DFID Blog

In addition to my recent Twitter analysis, I wrote another article on development organizations and social media on the web2fordev blog, which I crosspost also here.

Many organizations have approached the social web and new technologies from different angles during the last years. Large organisations have engaged in one or another way, in social media. But did they fully embrace the participatory web? Let’s take a look at how development organisations have approached the social web and where the status quo stands.

A general objective for development organisations is to increase their outreach. Social media are used to spread news and other information across the social web. Reaching an audience directly has many advantages, but are organisations ready to address the challenges inherent to a two-way communication interaction?

Video

Video channels are a popular form. All large development organizations have their own channels on Youtube: World Bank (2 236 subscribers), United Nations (6 608 subscribers), UNDP (1276 subscribers) USAID (43 subscribers) and CTA. While some organisations rely on the production of professional videos, USAID is still experimenting with a blend of professional and grassroots video productions. Like USAID, on its vimeo platform CTA offers both professional and in-house productions while on its official video site CTA offers a range of professionally produced multimedia related to agriculture and rural development.

Across the sites the number of subscribers confirms of the interest that people have in multimedia related to development cooperation. The download statistics of the World Bank, which exceed one million, support this assessment.

Twitter

Another area of involvement are social network websites such as Twitter. Many organizations have Twitter accounts such as UNDP , UNICEF, UNHCR , UN , USAid, CIDA , AfDB , CTA, etc. The World Bank has various Twitter accounts such as news of an Asian section.

While videos are used to broadcast news, I wonder whether these organizations use Twitter to nurture two-way communication. A quick analysis indicates that this is not the case. Out of ten organizations, only two reacted to their audience and replied with a message.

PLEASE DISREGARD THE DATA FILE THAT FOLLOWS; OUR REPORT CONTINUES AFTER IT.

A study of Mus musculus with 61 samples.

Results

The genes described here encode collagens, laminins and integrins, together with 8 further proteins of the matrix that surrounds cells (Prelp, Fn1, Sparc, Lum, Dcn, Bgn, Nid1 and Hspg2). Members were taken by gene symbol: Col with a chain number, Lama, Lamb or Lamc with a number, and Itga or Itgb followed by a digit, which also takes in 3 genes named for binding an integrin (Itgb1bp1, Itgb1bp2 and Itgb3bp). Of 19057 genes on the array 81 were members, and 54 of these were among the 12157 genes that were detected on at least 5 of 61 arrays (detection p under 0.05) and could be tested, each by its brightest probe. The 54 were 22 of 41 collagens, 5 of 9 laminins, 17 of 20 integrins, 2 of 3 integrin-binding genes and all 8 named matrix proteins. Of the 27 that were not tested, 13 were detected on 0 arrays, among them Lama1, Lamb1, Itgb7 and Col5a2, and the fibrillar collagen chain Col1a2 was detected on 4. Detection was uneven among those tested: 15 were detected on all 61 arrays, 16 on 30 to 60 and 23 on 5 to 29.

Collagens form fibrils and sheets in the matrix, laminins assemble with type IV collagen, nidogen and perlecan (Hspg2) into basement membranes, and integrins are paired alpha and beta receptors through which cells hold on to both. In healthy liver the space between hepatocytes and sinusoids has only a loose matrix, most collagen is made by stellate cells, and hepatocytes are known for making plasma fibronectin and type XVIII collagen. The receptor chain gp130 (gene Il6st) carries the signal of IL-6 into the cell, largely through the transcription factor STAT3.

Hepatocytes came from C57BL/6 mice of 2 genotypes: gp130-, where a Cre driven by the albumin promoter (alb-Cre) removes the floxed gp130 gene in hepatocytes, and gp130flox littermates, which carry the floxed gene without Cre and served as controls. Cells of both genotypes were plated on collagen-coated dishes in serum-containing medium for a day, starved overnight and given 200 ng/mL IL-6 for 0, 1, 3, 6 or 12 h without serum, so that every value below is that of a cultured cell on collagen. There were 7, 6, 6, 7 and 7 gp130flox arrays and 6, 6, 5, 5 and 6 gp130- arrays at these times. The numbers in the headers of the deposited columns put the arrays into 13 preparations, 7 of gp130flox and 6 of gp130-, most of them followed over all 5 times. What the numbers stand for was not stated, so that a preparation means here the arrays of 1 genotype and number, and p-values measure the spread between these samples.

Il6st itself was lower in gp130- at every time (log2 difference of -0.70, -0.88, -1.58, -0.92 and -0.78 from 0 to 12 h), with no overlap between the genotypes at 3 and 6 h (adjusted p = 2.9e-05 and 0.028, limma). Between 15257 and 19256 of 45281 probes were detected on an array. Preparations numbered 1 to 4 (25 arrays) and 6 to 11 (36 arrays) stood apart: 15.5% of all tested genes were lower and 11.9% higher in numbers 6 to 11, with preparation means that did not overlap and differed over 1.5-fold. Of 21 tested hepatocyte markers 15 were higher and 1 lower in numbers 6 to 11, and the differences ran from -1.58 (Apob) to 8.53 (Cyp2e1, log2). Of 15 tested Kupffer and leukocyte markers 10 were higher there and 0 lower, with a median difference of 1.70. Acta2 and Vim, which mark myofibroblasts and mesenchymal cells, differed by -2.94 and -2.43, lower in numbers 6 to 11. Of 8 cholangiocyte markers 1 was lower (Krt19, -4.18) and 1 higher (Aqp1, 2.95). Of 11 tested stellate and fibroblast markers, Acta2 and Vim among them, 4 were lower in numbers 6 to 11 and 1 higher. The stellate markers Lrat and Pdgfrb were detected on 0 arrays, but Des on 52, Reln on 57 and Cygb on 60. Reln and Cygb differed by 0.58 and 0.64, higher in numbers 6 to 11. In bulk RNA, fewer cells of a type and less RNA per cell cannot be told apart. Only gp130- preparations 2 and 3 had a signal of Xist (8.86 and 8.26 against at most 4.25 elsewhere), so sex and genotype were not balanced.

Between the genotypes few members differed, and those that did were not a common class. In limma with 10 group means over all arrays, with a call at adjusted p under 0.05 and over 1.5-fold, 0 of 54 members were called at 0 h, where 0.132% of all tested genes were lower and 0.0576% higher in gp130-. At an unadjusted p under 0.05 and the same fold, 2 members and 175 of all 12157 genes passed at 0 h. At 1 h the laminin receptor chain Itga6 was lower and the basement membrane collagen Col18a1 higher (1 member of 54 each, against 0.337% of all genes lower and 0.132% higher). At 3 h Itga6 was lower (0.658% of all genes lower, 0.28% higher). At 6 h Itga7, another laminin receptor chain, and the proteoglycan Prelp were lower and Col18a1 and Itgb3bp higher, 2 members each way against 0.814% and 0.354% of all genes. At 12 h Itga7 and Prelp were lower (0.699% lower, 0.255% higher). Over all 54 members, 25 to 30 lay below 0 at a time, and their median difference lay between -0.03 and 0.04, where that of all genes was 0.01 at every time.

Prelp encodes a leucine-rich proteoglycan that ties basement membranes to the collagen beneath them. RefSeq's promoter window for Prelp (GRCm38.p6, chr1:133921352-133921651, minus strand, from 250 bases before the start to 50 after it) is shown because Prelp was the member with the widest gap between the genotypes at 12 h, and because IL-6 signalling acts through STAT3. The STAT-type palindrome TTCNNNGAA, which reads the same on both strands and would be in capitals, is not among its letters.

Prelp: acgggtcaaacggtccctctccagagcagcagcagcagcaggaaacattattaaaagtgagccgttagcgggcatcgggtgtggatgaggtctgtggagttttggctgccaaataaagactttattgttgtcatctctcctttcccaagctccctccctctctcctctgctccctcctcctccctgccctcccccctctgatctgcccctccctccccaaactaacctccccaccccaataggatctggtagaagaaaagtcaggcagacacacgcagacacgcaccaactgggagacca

Blogging

The blogging efforts from the World Bank and DFID are certainly different. The world bank has blogs covering different thematic areas such as conflict , governance or private sector development and these are linked to debates and interactions with the wider blogosphere. DFID has taken a different approach and provides “real life perspectives from those working on the ground to fight poverty”. It offers surfers to join the debate. DFID’s bloggers trigger quite some discussions on some posts, but also leave some questions unanswered. Other blogging efforts are being conducted by the United Nations and the Overseas Development Institute.

Facebook

Another popular approach are the Fan pages on Facebook, which are mostly used as an alternative channel to broadcast organisational news (e.g. USAid) and create a space where fans can post questions and remarks. In the case of the World Bank, its page has 7758 members, with whom the organization is interacting quite actively. CTA has launched its Fan page on Facebook and accounts fora few hundred members so far.

Use of multiple social media

An more advanced approach is taken by some NGOs. A good example is Oxfam, which actively taps into the potential of the participatory web. Their blogging portal combines many different social media forms. Discussions are linked to different communities and Oxfam has built a far-reaching audience, with which it is engaged with.

Drawing the line

So, in conclusion, if one looks back at the time of the Web2forDev 2007 Conference , a lot has happened and some organisations have invested considerable resources to engage with social media. Nonetheless despite the promising signs for two-way conversations, it seems many organisations still have to define a well-though strategy and deploy the necessary resources to make the most out of the social web and its potentials.

In parallel some organisations are increasingly investing in integrating “social features” into existing internal web communication. This aspect will we be discussed in a forthcoming post.